The ministers were speaking today following the announcement about the closure of schools, colleges and cultural institutions from 6pm.

Image: Shutterstock/Alex Yeung

MINISTER FOR BUSINESS Heather Humphreys and Minister for Health Simon Harris have sent out a strong message today that people should not stockpile or panic-buy due to the coronavirus situation.

They were speaking at a press conference which took place after the Taoiseach announced the closure of colleges, schools, public facilities and cultural institutions from 6pm tonight. 

When asked about people stockpiling or ‘panic-buying’ in supermarkets, Minister Humphreys said that she has met with retailers and distributors, “and they have assured me that there is sufficient [power] in the supply chain”.

However, she warned:

If people go out and buy products that they don’t need to stockpile… they’re going to cause a problem.

“So I would say, there is no need to do that,” she said.

She said that a major distributor “said very clearly to me that there is sufficient supply in the system”.

She said that stockpiling certain goods such as toilet paper and pasta shouldn’t be necessary.

Minister Harris, meanwhile, said that he understood that “people in our country are worried and they want to make provisions for themselves, and perhaps vulnerable relatives”.

“We should all continue to buy what we need to provide for ourselves and families and loved ones [but] we shouldn’t stockpile,” he said.

He added that there can be “unintended consequences of taking something someone else could require”.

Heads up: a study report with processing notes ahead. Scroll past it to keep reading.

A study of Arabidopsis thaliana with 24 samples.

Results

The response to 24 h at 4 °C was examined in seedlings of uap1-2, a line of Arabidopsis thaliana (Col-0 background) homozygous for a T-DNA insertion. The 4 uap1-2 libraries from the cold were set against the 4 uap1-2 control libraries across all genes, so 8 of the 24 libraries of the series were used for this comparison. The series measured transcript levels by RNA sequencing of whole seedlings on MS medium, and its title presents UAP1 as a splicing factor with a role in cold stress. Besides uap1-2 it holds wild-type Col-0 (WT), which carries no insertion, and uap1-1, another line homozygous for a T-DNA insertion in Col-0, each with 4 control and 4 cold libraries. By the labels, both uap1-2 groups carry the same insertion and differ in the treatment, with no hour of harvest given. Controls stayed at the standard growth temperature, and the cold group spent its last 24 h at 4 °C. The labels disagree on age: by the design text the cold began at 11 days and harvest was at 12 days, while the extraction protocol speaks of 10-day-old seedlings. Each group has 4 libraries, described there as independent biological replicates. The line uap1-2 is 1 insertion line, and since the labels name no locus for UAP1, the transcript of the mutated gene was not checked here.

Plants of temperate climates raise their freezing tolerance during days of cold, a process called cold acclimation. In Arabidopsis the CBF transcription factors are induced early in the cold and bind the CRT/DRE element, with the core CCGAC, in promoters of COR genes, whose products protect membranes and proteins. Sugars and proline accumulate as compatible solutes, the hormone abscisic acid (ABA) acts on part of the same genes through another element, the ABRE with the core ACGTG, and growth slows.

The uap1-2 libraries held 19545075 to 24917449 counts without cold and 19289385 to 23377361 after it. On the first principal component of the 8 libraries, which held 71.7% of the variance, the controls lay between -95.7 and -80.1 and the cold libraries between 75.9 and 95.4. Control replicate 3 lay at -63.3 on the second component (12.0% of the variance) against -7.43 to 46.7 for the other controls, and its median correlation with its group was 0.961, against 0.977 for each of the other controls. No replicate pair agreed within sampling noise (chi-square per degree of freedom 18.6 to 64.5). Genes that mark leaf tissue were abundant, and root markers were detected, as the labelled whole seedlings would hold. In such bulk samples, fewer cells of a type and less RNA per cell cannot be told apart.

Meanwhile, Tánaiste Simon Coveney said that supply chains are “strong” and that “the food industry and retail industry has given reassurance that they have supply chains that are robust and can continue to supply shops and shelves”.

He said that consumers should “realise their actions could contribute to the problem here as opposed to there being a fundamental problem in the supply chain, there isn’t [one].” 

Earlier this week, TheJournal.ie spoke to experts about the possibility of supply chain issues in Ireland. 

The increased activity should not be a cause for anxiety, according to Aidan Flynn, general manager of Freight Transport Association Ireland, who said there is no problem with the food supply chain.

Flynn said there are no barriers to transporting the kinds of products like tinned goods, pasta and hand soap that people are bulk buying and while supermarkets may sell-out of some products in a day, they will be able to very quickly restock their shelves.